NEW YORK — Some 3,000 graduate and undergraduate student workers at Columbia University, members of United Auto Workers Local 2110, have been on strike here since Nov. 3, fighting for their first contract.
The workers won a ruling from the National Labor Relations Board in 2016 that students, who work as teaching and research assistants, are employees with the right to unionize. Their demands are for a contract that includes higher wages, improved health care, better protection against discrimination and harassment, and that undergraduate workers be recognized as members of the union.
“The university is in New York, so we have to be able to live here,” striker Victoria Greene told the Militant on the picket line Dec. 17. “Many of us don’t have any other income or resources. And we make less than the annual living wage in the city.” The Ivy League university’s endowment is $14.35 billion.
“Last spring we were on strike but were asked to take down the picket lines for three weeks to allow ‘mediation,’” Bonnie Siegler, a graduate research assistant, said. “But the contract that came out of those negotiations didn’t meet any of our demands. We organized to vote it down. That negotiating committee resigned and we elected a new one, including some people who had been part of the fight for the no vote.”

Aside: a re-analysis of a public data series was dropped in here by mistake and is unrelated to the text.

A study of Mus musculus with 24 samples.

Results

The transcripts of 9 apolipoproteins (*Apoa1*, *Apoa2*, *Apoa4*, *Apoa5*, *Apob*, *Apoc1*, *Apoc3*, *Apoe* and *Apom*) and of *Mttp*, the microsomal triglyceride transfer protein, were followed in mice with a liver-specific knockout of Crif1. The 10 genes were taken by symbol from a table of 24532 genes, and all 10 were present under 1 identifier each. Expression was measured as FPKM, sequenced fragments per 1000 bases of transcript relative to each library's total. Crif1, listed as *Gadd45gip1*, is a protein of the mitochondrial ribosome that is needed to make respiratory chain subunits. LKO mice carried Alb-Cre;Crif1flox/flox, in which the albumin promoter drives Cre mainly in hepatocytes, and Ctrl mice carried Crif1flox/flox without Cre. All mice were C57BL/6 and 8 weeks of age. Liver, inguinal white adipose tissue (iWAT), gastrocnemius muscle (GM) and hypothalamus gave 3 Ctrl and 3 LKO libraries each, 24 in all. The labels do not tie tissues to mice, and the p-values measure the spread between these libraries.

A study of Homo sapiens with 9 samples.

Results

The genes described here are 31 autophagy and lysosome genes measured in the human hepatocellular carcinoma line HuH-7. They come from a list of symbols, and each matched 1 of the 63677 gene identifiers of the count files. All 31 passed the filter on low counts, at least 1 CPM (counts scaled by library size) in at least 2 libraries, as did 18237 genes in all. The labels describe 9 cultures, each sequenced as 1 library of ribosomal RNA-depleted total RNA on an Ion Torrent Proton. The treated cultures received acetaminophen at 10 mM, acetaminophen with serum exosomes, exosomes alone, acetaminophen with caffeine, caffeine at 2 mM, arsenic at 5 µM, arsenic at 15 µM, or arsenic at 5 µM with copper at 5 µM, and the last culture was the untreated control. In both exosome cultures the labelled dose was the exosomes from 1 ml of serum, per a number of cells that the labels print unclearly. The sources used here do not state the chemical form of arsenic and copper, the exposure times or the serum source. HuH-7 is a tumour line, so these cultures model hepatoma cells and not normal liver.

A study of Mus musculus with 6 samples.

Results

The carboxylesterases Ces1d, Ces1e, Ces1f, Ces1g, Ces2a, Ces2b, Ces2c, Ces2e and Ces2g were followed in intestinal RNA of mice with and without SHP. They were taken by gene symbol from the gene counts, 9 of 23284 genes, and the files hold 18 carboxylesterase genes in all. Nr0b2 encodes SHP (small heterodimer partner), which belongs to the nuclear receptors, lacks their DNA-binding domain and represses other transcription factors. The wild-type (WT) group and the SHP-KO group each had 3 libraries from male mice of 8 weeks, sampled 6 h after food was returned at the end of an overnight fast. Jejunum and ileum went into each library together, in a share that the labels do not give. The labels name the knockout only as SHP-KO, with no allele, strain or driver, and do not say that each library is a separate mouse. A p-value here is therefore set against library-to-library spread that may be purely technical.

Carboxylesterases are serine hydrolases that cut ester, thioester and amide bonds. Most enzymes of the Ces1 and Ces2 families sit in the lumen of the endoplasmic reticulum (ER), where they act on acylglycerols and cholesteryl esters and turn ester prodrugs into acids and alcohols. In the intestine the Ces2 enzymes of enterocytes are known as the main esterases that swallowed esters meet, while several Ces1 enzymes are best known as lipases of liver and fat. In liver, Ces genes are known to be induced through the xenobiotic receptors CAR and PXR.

Daniel Driscoll, Columbia University’s human resources vice president, sent letters to the strikers threatening that if they did not return to work by Dec. 10, they would be replaced for the spring semester.
In response, the union organized expanded picketing Dec. 8 at entrances to the main campuses, urging professors and students not to go to class. They were joined by faculty, students and workers from New York University, Fordham University and the City University of New York, as well as by striking Teamsters at United Metro Energy and other unionists.
Workers are getting strike benefits from the union and also have a hardship fund to help with emergency expenses. To contribute, go to https://opencollective.com/student-workers-of-columbia.